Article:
From the eBookery: My Man Jeeves

I’ve made a very quick eBook of My Man Jeeves, by P. G. Wodehouse, from someone else’s .lit edition. I don’t know whose else’s, but they did a very nice job with emdashes, smart quotes, a table of contents.

I did some extra formatting, demarking a title page, a new table of contents (slightly nicer formatting, and now also specific TOC guide), and cleaned up the metadata (author should be last-name, first-name middle-name honorifics, in order to alphabetize correctly by author in Mobipocket-compatible browsers).

Copyright information: no copyright in the US, but copyright elsewhere is possible. Please check the laws of your country before downloading this.

My Man Jeeves has most of the stories from the newer Carry On, Jeeves (which I ranted about here), except for “Bertie Changes His Mind”. Which is a shame, because a story narrated by Jeeves is a unique item in the Jeeves canon.

Anyways, here’s the file, to download if your country allows you to:

[download id=”15″]

Go ye and enjoy the language of P. G. Wodehouse, a true master of humorous fiction. Douglas Adams himself enjoyed Wodehouse, as does Neil Gaiman; as far as I’m concerned, Wodehouse enjoys honorary Science Fiction & Fantasy status here at Spontaneous Derivation.

There’s more of Wodehouse over at Project Gutenberg, though many of the files are not formatted with, say, a hyper-linked table-of-contents and reflowable text.

Anyways, now I feel better about the travesty that is Jeeves and Friends, retold by Clare West.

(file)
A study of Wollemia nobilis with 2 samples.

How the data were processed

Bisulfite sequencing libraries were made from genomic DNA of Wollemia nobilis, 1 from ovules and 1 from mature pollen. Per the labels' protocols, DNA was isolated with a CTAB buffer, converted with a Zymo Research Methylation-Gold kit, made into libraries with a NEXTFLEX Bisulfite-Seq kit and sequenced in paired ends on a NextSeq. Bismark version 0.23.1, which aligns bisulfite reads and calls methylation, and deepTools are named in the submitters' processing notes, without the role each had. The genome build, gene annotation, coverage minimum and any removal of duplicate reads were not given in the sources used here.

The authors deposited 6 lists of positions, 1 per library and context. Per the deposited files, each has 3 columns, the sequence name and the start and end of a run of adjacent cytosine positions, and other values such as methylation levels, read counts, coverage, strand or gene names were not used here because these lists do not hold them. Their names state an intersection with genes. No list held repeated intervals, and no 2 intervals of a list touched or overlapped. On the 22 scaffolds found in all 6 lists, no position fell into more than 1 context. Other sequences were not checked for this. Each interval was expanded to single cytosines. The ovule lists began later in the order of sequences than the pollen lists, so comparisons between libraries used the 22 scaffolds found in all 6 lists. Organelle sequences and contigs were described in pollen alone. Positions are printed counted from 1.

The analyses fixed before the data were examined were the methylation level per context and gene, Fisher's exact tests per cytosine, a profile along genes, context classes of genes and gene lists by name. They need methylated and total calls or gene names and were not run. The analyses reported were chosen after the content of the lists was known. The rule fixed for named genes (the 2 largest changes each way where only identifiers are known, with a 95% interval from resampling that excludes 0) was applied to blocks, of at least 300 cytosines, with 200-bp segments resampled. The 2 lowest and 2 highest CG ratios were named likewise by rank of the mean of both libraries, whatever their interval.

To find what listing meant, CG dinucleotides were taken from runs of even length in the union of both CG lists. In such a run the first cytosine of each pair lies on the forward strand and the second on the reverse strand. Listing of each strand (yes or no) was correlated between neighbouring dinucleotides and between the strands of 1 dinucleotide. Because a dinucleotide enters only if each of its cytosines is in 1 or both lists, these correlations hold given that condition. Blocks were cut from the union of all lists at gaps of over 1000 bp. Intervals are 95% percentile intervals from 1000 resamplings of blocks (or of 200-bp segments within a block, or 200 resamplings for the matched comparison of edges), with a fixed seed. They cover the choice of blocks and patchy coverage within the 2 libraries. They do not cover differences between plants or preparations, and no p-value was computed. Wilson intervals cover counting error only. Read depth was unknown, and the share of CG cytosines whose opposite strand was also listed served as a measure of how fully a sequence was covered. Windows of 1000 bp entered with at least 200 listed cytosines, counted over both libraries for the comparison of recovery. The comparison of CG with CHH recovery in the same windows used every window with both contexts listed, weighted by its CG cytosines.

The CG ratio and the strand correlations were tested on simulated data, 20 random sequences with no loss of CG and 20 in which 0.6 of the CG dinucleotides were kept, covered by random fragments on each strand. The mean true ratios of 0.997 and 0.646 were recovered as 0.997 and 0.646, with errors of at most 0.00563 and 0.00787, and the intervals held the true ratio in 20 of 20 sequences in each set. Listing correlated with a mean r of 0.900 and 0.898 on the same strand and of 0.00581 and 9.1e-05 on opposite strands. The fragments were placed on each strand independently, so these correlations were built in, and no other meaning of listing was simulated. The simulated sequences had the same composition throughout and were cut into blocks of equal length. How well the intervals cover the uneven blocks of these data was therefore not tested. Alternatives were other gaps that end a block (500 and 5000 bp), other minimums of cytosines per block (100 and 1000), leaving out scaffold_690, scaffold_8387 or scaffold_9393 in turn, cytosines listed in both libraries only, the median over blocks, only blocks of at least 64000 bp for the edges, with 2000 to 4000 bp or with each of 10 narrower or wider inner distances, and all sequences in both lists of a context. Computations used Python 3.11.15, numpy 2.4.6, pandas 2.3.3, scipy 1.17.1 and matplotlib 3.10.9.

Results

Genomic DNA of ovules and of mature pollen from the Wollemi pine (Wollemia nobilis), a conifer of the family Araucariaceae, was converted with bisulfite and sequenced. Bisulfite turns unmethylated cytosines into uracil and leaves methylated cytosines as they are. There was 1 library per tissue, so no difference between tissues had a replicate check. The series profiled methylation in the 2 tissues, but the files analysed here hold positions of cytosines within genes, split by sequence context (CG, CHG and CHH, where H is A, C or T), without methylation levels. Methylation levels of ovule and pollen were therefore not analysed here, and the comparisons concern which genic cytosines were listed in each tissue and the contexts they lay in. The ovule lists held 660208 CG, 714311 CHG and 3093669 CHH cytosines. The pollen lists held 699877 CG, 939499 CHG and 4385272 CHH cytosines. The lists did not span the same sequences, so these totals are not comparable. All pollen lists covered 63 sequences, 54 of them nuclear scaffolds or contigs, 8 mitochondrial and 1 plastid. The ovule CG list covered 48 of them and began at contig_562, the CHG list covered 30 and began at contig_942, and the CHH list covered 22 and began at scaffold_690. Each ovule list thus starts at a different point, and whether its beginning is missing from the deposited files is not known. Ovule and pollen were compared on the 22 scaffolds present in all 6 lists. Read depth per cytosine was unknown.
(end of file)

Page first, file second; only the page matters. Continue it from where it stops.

4 thoughts on “From the eBookery: My Man Jeeves

  1. Oh, yays! I have several of the Wodehouse via Project Gutenberg, but the files aren’t so pretty. ::g::

    I’ll need to figure out how to do this on my Macbook soon (based on your earlier post) so I can this myself for some other stories and such.


  2. I listened to an audiobook version of Heavy Weather a week ago and absolutely loved the man’s gift for writing humorous fiction. I will dive into the prc copy with all of the enthusiasm of a new fan.

  3. You’re welcome!

    Wodehouse was such a genius. I love him.

    Converting eBooks can be simple or difficult, depending on how fussy you are. I’m a perfectionist, so the game tends to have a default setting of “Expert” (which I don’t always succeed at).

    Fortunately, a MacBook is already well-suited out of the box for working with text in multiple ways.

    I’ll probably start sharing some of my techniques on this blog; making eBooks is something that interests me a lot these days. I put in a lot of work, relatively speaking, but so do plenty of people who are into this sort of thing. I’ve seen results that are better than what you buy straight online—but then again, us non-pros don’t have to work on the same deadlines that the pros do.

    I wonder if people who got to work with printing presses Back Then felt this way. I wonder if people who work with getting stuff into print feel this way. Something like the feeling I get, anyways.

  4. Oh thanks, Will read up this version of My Man Jeeves. The version I have is nice and all, but not so, should I say, organized? Thanks again.